The Trek Factory Racing rider will turn 34 on Wednesday but seems to be successfully fighting back the years this season after an excellent winter of training, largely spent at home with his family, due to a mild Swiss winter.
Cancellara seemed to fight his new time trial bike in the opening time trial in Lido di Camaiore last Wednesday and was beaten by younger rival Adriano Malori (Movistar). Despite complaining about racing in the snow on Sunday, the tough week at Tirreno-Adriatico has apparently done him good and left him on form just in time for his big block of monumental classics.
“Time trials perhaps no longer give me the motivation they once did, but today is my last day aged 33, so I’ll be turning a page tomorrow. It’s a little thing but it gave me a little extra motivation, and that allows me to find a bit more. It is the fruit of experience,” Cancellara said in the post-race press conference.
“I’d prefer not to go into what happened in the opening time trial, because I think there were too many mistakes, and if I start listing them, I’ll never stop. Today, I managed not to make the same mistakes and today’s performance is more representative of my level. I lost by five hundredths of a second that day. I’m not saying that if I had ridden like this on day one, I would have won by 5 seconds, but it went well for me today.”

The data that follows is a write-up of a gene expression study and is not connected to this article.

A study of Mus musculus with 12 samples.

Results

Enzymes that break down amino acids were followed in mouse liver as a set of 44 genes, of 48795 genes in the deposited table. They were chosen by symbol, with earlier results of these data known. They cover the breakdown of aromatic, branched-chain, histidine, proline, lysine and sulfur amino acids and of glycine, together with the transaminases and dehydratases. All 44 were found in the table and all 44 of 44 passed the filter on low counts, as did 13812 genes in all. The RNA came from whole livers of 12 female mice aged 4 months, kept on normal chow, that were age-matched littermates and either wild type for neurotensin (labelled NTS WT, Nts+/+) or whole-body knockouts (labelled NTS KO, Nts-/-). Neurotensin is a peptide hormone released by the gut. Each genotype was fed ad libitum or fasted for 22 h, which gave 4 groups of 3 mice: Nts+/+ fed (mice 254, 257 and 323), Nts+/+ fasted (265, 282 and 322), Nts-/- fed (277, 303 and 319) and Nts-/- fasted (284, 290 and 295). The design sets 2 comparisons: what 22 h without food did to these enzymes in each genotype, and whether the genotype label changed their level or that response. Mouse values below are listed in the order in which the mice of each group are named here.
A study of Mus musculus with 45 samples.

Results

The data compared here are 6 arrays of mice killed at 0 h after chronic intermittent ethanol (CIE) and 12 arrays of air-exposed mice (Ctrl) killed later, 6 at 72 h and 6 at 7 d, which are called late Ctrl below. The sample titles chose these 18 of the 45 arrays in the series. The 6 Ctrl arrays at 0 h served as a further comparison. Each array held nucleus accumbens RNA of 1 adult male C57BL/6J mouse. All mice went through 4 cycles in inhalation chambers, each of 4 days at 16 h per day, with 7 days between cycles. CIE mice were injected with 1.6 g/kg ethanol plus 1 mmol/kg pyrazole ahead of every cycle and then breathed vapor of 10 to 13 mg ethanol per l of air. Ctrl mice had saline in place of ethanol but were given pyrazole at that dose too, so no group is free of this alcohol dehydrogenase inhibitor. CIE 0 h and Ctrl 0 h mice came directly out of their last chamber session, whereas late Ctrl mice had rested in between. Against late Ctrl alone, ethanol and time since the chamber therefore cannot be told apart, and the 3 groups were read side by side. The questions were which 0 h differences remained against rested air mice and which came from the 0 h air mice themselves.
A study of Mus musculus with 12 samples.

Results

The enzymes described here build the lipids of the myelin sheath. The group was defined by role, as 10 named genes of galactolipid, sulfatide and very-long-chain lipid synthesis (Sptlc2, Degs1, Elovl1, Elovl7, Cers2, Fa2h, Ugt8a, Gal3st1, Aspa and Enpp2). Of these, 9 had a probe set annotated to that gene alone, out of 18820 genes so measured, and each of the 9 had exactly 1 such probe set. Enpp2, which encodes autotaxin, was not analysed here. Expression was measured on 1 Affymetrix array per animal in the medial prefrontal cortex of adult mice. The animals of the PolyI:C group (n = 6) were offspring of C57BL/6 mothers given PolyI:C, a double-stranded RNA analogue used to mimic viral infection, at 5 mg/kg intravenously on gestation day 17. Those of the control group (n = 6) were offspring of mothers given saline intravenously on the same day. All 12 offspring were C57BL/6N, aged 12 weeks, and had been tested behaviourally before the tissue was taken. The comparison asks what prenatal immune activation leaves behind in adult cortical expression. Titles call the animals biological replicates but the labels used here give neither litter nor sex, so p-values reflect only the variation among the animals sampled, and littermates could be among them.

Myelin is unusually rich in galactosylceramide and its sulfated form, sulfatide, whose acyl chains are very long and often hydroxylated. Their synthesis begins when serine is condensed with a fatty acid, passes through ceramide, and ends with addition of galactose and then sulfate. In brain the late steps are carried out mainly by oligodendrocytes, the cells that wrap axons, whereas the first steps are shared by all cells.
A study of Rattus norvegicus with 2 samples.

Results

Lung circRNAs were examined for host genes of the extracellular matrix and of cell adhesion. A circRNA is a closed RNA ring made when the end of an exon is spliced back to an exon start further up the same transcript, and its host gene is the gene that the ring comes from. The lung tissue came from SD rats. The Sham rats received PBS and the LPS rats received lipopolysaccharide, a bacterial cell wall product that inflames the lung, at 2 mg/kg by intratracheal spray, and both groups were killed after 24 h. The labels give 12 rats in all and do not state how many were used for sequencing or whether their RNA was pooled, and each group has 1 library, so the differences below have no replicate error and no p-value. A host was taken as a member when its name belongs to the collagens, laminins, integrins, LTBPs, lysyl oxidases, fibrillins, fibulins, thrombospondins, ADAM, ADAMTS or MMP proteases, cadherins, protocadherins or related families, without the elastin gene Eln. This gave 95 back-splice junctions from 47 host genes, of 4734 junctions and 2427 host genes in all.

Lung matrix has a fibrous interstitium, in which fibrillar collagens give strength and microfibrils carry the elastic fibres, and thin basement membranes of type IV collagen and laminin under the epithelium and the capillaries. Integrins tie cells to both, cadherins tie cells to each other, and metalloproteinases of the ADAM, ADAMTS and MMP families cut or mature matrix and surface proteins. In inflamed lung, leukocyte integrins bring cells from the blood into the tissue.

Cancellara likes to line up his goals and face them one by one. The questions quickly turned to Milan-San Remo.
Cancellara won the Classicissima in 2008 with a solo attack on the flat road after the hair-raising descent of the Poggio. That year the finish was on the seafront. This year it returns to the legendary Via Roma in the centre of San Remo. Cancellara finished in the pack in 2006, watching from behind as former Mapei teammate Filippo Pozzato won alone. He is probably hoping for a similar scenario for Sunday but knows the weather will be a vital factor in deciding the longest and most finely balanced Classic of the season.
“I ride to win and have done that for a long time now. Milan-San Remo is the next goal, even if it’s like trying to buy the winning ticket in the lottery,” he said.
“Before thinking about Milan-San Remo, I need to rest up and see what the weather will be like so we can understand what might happen in the race. The weather is the most important factor; it changes the nature of the race. We all know who the favourites are, and there are lots of them. We know that removing Le Manie and returning the finish to Via Roma changes everything, although exactly what it will change, we don’t know. We will find out on Sunday.”